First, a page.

The Burning Man festival has become a constant feature of Instagram models and feeds across the globe, where a new city of radical self-expression is promised in the “golden land” of Black Rock City. Amongst the mundanity of our everyday lives, this idealistic mirage seems unobtainable. The question is: is it ultimately unobtainable?
The Burning Man festival is perhaps an extreme of the festival sphere with its promise of “a culture of possibility” and “a network of dreamers and doers”, yet to some extent, we all buy into this whimsical, fairy-tale take on reality. When packing our cases to visit our next festival we cram crop tops, transparent raincoats and sandals to ultimately end up freezing, or forking out all our money on branded ponchos to survive. In attempting to become one of these “insta-baddies” we help the invasion of commercials into festivals. The Burning Man CEO Marian Goodell has protested against this “commodification and exploitation of Black Rock City and Burning Man culture”. However, is the real culture of festivals one filled with models and brand ambassadors promoting their products, rather than the decommodification and radical self-expression the ten principles promise? Goodell continued by stating that attendees “are using Black Rock City to increase their popularity; to appeal to customers and sell more stuff”, suggesting that more and more festival-goers are opting to profit from their visit. Consequently, fewer regular people will have the opportunity to experience festivals as they only provide opportunities for the rich.
Despite the appeal of festivals such as Glastonbury, Fyre Festival and Burning Man to millennials, the original dream of an escape from reality lies with the Woodstock Festival. Described as having their roots in indie culture, Woodstock became a free concert after hundreds of thousands more people attended than the organisers anticipated. The event was not well organised, and many people left after a couple of days, however the tickets cost $18 in advance versus the astronomical cost of Glastonbury tickets which sold at £248 for 2019. This calls into question whether there is a balance between value for money and festival experience, as to get the ultimate Instagram version of festivals you need to have a disposable income of cash. The Fyre festival was a prime example of “rich kids” being brought down to earth, as one festival goer described how ‘I know paying $4,000 to go on vacation to the Bahamas makes me fair game to make fun of.’. Although tickets for normal festivals without the private jets and supermodels are far less costly, the inevitable build-up of travel, food and useless merchandise accumulates to a large sum of money. The average cost of going to a festival in 2018 was £400, and with the looming terror of loans and rent payments, can this price really be justified? Endless articles flood the internet with supposed “quick tips” for budgeting at festivals worldwide, however a festival experience will inevitably leave you counting your pennies until the next payday. Therefore, as we see more and more extravagant festivals being promised in the following years, the idealistic version of festival culture that we strive for is slowly becoming unobtainable without the disposable income of “rich kids”.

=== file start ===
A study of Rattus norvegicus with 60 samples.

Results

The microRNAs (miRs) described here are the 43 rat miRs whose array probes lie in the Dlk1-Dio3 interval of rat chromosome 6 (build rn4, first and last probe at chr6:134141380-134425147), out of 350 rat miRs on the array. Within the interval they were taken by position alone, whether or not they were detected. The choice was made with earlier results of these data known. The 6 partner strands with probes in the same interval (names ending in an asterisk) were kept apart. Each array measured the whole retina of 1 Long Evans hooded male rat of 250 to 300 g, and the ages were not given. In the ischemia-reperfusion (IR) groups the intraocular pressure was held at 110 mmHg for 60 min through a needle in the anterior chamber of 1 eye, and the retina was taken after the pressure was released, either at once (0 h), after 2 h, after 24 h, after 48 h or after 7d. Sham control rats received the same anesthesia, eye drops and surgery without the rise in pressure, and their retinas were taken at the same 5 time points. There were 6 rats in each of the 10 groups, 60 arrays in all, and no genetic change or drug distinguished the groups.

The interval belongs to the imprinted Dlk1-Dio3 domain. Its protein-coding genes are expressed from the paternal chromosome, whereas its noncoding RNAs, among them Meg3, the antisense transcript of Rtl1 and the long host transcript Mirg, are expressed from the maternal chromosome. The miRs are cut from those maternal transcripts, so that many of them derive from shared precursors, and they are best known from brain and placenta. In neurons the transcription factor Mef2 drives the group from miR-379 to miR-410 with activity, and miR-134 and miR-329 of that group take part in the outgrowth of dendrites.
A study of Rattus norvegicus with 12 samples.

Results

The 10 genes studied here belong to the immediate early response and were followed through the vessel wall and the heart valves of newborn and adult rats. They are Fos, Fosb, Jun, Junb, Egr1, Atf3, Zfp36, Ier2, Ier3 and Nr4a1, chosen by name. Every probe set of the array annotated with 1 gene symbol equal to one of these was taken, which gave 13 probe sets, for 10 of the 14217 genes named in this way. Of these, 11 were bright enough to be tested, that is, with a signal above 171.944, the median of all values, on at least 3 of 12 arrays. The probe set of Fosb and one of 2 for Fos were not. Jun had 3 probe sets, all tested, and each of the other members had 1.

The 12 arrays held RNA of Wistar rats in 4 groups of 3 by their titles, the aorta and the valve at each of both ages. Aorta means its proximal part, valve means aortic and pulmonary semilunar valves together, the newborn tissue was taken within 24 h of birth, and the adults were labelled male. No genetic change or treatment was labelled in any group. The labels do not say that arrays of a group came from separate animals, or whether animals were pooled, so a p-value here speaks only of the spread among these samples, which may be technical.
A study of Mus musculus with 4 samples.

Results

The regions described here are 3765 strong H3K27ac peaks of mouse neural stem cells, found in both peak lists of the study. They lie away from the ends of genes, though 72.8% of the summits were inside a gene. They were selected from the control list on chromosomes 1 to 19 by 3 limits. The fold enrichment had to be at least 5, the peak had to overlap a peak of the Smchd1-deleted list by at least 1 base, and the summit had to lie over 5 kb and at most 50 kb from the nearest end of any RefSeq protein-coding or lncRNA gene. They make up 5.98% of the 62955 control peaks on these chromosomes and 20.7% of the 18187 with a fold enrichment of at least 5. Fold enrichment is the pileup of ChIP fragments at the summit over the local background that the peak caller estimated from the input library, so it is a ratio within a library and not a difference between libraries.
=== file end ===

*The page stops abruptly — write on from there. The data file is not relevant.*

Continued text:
There is no denying that festivals offer a creative space for world-renowned and undiscovered artists to be appreciated by crowds of paying fans, however it is the extent of organisers’ exploitation of these naive visitors which is causing such outrage amongst communities. Hopefully, future festivals will attempt to break free from these commercial and profit-driven events and aim to create a space that is affordable for all; allowing everyone to support and enjoy their favourite artists without leaving their bank account empty.